By mid-afternoon Thursday, the Lloyds Banking Group (LSE: LLOY) share price sat at a new 52-week low of 46.42p (and might drop even lower before the end of trading).
Since coronavirus-led fears precipitated the latest stock market sell-off, Lloyds shares have declined faster than the FTSE 100. The shares have not been this cheap since as long ago as 2012, so we’re looking at an eight-year period of stagnation.
Have the shares really, finally, fallen as low as they’re going to? As a long-suffering Lloyds shareholder, I keep hoping so, but my hopes keep getting dashed. And, as my Motley Fool colleague Jonathan Smith has suggested, there’s a fair chance the Lloyds share price will fall further in the coming months.
But I still see the shares as oversold. What we’re looking at is a combination of factors that are negatively affecting the outlook for Lloyds. It is facing an uncertain future as a UK-centric retail bank, especially as there’s a serious risk that Boris Johnson will fail to secure a good post-Brexit trade deal.
But there’s nothing new there, and investors fully understood that when the shares were trading above 55p just a few weeks ago.
The bank’s full-year results, released on 20 February, perhaps looked a little disappointing. But a big part of the hardship came from the costs of the PPI mis-selling scandal. There was an extra £2.45bn hit, taking the total to a staggering £21.9bn. That was far worse than originally feared, and it led Lloyds to call off its share buyback in 2019 — it had returned £1.1bn that way in 2018.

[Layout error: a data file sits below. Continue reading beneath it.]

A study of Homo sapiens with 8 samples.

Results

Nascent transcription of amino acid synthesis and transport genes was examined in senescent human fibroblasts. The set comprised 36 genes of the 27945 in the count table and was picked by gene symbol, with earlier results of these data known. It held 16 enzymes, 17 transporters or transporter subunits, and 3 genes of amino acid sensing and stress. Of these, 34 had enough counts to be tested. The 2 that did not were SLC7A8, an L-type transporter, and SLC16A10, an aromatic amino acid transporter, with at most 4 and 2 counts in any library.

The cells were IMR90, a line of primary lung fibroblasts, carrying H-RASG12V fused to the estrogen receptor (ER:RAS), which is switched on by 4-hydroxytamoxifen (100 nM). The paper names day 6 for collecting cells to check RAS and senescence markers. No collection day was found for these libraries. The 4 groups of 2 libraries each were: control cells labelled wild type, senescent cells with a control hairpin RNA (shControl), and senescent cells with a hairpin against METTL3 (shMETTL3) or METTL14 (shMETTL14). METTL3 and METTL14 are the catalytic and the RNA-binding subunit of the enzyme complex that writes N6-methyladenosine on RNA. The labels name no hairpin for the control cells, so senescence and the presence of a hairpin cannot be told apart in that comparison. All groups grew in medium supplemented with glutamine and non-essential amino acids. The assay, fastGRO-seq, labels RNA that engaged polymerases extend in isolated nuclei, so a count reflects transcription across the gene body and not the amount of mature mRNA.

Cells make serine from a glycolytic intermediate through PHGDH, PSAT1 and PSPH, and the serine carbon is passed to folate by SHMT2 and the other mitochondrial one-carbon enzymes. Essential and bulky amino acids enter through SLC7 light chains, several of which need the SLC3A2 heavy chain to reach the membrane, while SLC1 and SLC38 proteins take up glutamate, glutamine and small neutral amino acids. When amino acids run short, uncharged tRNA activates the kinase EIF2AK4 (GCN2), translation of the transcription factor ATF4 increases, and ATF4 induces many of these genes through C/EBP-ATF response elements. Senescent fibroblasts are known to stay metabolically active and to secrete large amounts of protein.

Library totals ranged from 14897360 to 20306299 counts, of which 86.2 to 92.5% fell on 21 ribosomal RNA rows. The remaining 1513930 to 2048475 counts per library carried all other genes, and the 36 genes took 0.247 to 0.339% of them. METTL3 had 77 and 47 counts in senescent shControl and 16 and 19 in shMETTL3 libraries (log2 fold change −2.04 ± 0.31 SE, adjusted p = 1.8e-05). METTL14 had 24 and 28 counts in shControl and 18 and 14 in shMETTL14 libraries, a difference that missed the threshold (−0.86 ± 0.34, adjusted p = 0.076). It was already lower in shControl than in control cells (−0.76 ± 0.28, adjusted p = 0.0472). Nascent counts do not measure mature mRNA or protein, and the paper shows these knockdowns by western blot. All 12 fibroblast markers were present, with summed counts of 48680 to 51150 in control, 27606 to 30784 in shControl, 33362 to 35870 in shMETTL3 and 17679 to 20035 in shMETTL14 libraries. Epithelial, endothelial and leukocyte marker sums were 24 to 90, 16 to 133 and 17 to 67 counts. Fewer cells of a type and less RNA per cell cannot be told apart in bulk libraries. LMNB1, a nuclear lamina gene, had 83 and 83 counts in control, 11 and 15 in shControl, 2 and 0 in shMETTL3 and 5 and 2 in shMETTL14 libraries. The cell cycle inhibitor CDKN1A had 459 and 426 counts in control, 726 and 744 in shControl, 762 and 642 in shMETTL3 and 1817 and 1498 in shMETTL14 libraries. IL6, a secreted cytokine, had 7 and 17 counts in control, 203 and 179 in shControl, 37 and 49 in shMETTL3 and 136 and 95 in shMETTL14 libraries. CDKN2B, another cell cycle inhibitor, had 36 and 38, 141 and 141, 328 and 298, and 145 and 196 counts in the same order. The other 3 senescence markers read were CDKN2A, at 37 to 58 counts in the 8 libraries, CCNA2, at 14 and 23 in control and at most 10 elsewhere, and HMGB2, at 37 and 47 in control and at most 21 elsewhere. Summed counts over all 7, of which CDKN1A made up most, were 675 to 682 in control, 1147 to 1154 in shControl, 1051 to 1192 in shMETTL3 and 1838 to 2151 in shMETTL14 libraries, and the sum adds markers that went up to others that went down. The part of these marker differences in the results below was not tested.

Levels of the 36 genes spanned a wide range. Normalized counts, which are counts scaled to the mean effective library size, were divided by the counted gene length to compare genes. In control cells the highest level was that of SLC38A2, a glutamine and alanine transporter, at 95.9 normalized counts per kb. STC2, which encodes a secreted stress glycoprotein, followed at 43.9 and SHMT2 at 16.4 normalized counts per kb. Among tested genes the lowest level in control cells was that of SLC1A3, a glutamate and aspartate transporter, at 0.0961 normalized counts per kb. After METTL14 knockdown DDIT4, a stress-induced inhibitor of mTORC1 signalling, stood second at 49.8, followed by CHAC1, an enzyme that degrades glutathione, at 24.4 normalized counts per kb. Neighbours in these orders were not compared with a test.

Lloyds’ failure to anticipate the full scale of PPI costs, leading to it paying out more cash to shareholders than might have been prudent, will surely have raised doubts over the board’s clarity of vision. It did with me.
But again, there was really nothing unexpected there, and the share price actually blipped up slightly on results day. That market reaction wasn’t a ringing endorsement for the future of Lloyds, but nor was it a condemnation of the outlook.
That brings us back to the coronavirus, as it’s really the only new development that’s coinciding with the latest share price weakness. Nobody really has any idea how bad the end result will be, but we can be pretty sure we’re past any possibility of the UK preventing a significant outbreak. What might that mean for Lloyds?
I reckon it’s all down to fears for the dividend. While confidence in the dividend remained reasonably high, I think that was helping maintain some support for the share price. But I’m seeing a straw and camel’s back situation here, and any virus-led banking slowdown could be the final factor that leads Lloyds to cut its payments.
But saying that, I still don’t see it happening. I expect Lloyds will do its utmost to avoid over-reacting to short-term threats, and will be very keen to maintain its dividend unless we genuinely see a long-term downturn.
Meanwhile, the forecast 2020 dividend would yield 7.6% on the current share price. I’m happy to keep taking that.